S Pai, A Pai, G Kamath, S Pai, N Rathi
S Pai, A Pai, G Kamath, S Pai, N Rathi. Topiramate Induced Acute Secondary Angle Closure Glaucoma And Myopic Shift : A Case Review. The Internet Journal of Pharmacology. 2010 Volume 9 Number 2.
Topiramate is an oral sulfamate medication used primarily for epilepsy and migraine1. Other uses of topiramate include use in management of peripheral neuropathies and radiculopathies, idiopathic intracranial hypertension, adjunctive therapy in alcohol dependence and nicotine cessation2 . There have been several reports of topiramate associated angle closure and myopic shift. Most cases have been reported to occur within two weeks of starting topiramate or within hours of doubling the doses3-5. We present a case of bilateral acute angle closure glaucoma and myopic shift occurring within seven days of initiating therapy with topiramate for symptoms of alcohol dependence.
A 40 year old man was referred from the psychiatry department with complaints of severe pain, redness and sudden diminution of vision in both eyes since two days. He was on oral chlordiazepoxide 50 mg/day and topiramate 100 mg/day for alcohol dependence since one week. He had no history of Diabetes mellitus or Hypertension or any other ocular disease or spectacle usage in the past. On examination his visual acuity was 20/80 and 20/60 improving to 20/20 with minus three diopters sphere. Slit lamp examination revealed conjunctival congestion and chemosis, mild corneal epithelial oedema, anterior chamber shallow, pupil four mm dilated not reacting to light[Figure 1]in both eyes . Intraocular pressure(IOP) was 48 and 46 mm Hg in right eye(RE) and left eye(LE) respectively with Applanation tonometer. Fundus examination was normal. Gonioscopy revealed angle closure in all four quadrants in both eyes. Topiramate was stopped immediately and he was started on following drugs: Oral Acetazolamide 250 mg qid, Timolol 0.5% eye drop bd. Chlordiazepoxide 50 mg/day was continued and topiramate was replaced by oral thiamine propyl disulphide 150 mg/day by the Psychiatrist. Physicians opinion was sought to evaluate medical status and following clearance Prednisolone eye drops TID was started. On follow up after two days the patient’s symptoms subsided and vision was 20/40 in both eyes improving to 20/20 with minus two diopters sphere indicating a myopic shift .Slit lamp examination revealed reduced conjunctival chemosis, clear cornea, anterior chamber deepening, pupils four mm very sluggishly reacting to light.. Fundus was normal. IOP was 17 and 20 mm Hg in RE and LE respectively .On follow-up after one week, his unaided vision was 20/20 in both eyes. Slit lamp examination revealed quiet eyes with normal anterior chamber depth and pupil three mm reacting briskly to light [Figure 2]. IOP reading was 8 mm Hg in both eyes. Gonioscopy revealed open angles in all four quadrants. B scan on follow up was normal.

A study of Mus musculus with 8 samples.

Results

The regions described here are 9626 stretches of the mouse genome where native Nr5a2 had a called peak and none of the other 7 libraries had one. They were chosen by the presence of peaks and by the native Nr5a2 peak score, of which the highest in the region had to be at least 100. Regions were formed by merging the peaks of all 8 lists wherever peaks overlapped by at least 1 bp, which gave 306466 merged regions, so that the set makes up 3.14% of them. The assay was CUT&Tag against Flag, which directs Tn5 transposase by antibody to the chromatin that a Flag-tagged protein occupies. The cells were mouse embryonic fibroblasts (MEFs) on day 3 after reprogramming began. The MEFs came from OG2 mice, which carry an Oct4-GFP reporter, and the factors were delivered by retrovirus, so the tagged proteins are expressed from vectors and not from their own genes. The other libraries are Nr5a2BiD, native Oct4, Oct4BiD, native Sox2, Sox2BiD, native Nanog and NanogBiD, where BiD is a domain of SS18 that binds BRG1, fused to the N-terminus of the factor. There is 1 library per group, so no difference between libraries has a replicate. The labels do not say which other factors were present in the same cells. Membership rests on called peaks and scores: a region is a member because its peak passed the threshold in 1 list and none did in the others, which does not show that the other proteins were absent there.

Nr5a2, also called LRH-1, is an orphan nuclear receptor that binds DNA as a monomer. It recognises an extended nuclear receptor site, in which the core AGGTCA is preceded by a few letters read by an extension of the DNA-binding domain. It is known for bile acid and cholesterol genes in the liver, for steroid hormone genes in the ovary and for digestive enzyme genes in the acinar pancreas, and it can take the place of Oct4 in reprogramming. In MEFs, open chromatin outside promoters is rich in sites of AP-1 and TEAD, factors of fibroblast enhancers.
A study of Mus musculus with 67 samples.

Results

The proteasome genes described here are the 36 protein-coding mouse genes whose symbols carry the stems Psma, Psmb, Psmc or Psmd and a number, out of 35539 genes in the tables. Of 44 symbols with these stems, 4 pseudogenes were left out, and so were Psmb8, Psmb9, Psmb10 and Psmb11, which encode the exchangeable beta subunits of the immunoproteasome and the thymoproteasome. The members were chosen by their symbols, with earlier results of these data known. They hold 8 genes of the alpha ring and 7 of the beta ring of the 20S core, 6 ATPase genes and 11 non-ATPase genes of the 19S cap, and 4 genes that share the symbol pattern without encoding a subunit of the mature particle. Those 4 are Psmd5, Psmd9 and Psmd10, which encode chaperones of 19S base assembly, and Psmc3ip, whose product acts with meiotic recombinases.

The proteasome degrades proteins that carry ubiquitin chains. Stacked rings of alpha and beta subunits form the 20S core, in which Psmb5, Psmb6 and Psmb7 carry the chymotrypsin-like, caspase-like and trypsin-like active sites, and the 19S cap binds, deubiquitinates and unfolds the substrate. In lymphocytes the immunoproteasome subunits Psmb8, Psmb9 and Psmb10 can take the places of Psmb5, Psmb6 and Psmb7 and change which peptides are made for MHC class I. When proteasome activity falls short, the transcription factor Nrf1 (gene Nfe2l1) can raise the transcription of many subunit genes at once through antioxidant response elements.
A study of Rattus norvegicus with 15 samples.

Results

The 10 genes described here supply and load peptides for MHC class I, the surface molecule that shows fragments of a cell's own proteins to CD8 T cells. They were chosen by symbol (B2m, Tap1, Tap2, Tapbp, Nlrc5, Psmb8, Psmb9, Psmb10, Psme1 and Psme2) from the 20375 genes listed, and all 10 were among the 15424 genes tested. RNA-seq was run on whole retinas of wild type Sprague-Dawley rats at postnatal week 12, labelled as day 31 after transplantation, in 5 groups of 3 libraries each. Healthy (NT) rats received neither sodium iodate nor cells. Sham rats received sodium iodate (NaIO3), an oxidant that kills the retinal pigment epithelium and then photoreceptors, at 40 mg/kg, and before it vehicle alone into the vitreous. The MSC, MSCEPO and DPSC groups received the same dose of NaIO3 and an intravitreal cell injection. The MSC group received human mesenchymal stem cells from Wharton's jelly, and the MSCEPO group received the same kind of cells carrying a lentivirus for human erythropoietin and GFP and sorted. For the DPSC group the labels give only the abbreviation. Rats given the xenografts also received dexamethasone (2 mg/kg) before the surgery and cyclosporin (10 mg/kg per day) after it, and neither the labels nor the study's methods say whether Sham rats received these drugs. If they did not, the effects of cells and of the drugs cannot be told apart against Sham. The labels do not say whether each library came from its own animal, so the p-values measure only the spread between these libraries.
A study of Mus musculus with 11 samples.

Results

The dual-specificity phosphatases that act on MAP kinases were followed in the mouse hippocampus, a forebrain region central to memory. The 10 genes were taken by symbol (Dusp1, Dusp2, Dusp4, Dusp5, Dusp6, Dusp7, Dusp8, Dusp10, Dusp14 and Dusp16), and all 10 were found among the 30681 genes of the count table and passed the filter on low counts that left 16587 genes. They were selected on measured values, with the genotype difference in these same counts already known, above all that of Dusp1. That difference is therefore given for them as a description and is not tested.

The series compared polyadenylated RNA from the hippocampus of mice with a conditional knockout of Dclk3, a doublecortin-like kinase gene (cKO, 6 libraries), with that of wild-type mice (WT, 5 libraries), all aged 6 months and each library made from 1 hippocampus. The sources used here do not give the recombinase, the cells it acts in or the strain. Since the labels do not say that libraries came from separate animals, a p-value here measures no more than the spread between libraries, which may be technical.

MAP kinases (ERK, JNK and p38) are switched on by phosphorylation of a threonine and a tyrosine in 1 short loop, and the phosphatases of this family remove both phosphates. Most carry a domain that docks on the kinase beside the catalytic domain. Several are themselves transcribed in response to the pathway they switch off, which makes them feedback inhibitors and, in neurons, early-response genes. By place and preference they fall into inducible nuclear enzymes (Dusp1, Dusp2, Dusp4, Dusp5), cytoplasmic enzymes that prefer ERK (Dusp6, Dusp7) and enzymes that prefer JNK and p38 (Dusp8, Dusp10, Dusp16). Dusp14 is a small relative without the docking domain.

Acute myopia and secondary acute angle-closure glaucoma are serious adverse effects of topiramate use, both of which are reversible with immediate discontinuation of the drug6-9. Using World Health Organization (WHO) Causality Assessment Guide to the certainty of a suspected adverse drug reaction, Fraunfelder et al13 studied reports of ocular side effects of topiramate in 115 patients. Acute-onset glaucoma was documented in 86 patients and 17 of them had acute bilateral myopia up to 8.75 diopters. Furthermore, nine patients developed suprachoroidal effusions. Based on these findings WHO suggested that abnormal vision, acute secondary angle-closure glaucoma, acute myopia, and suprachoroidal effusions are complications
Banta et al 10 reported the first case of topiramate (Topomax; Ortho-McNeil) induced acute-angle closure glaucoma in a 51-year-old man who recently initiated the medication for mood-stabilization. Topiramate, an oral sulpha-derivative medication is known to cause ciliochoroidal effusions, which lead to forward rotation of the ciliary body and displacement of the lens-iris diaphragm, with resultant acute angle closure glaucoma and myopic shift. . This report highlights the need for a high index of suspicion when dealing with acute angle closure glaucoma in patients using topiramate, as this condition is reversible and treatment is typically supportive. Thus, patients should be cautioned about this potential side-effect, and instructed to seek attention if they develop blurred vision and/or eye pain following initiation or dose escalation of topiramate. Topiramate induced angle closure is an idiosyncratic reaction and can occur in otherwise normal eyes with normal anterior chamber angles. The management of topiramate related acute angle closure glaucoma requires cessation of the drug in concert with the primary physician and use of topical and oral aqueous suppressants. Use of pilocarpine can lead to further narrowing of the angles and worsening of signs and symptoms. Peripheral iridotomy, a traditional treatment for angle closure glaucoma, may not be of value as precipitating mechanism is not pupillary block. Topical cycloplegic agents can be given as they lower intraocular pressures by retracting the cilliary process5. Visual outcome is usually good and episodes resolve within few weeks if the condition is diagnosed in the early stages.
Topiramate induced secondary angle closure glaucoma and myopic shift is a self-limiting and transient condition which requires to be identified at the earliest for prompt and effective treatment .Such an entity should always be kept in mind by the physicians and prompt referral should be given to the ophthalmologist as this condition can be effectively managed conservatively by stopping the drug and starting anti glaucoma therapy and avoiding unnecessary laser or surgical intervention that can be detrimental to the patients vision and quality of life.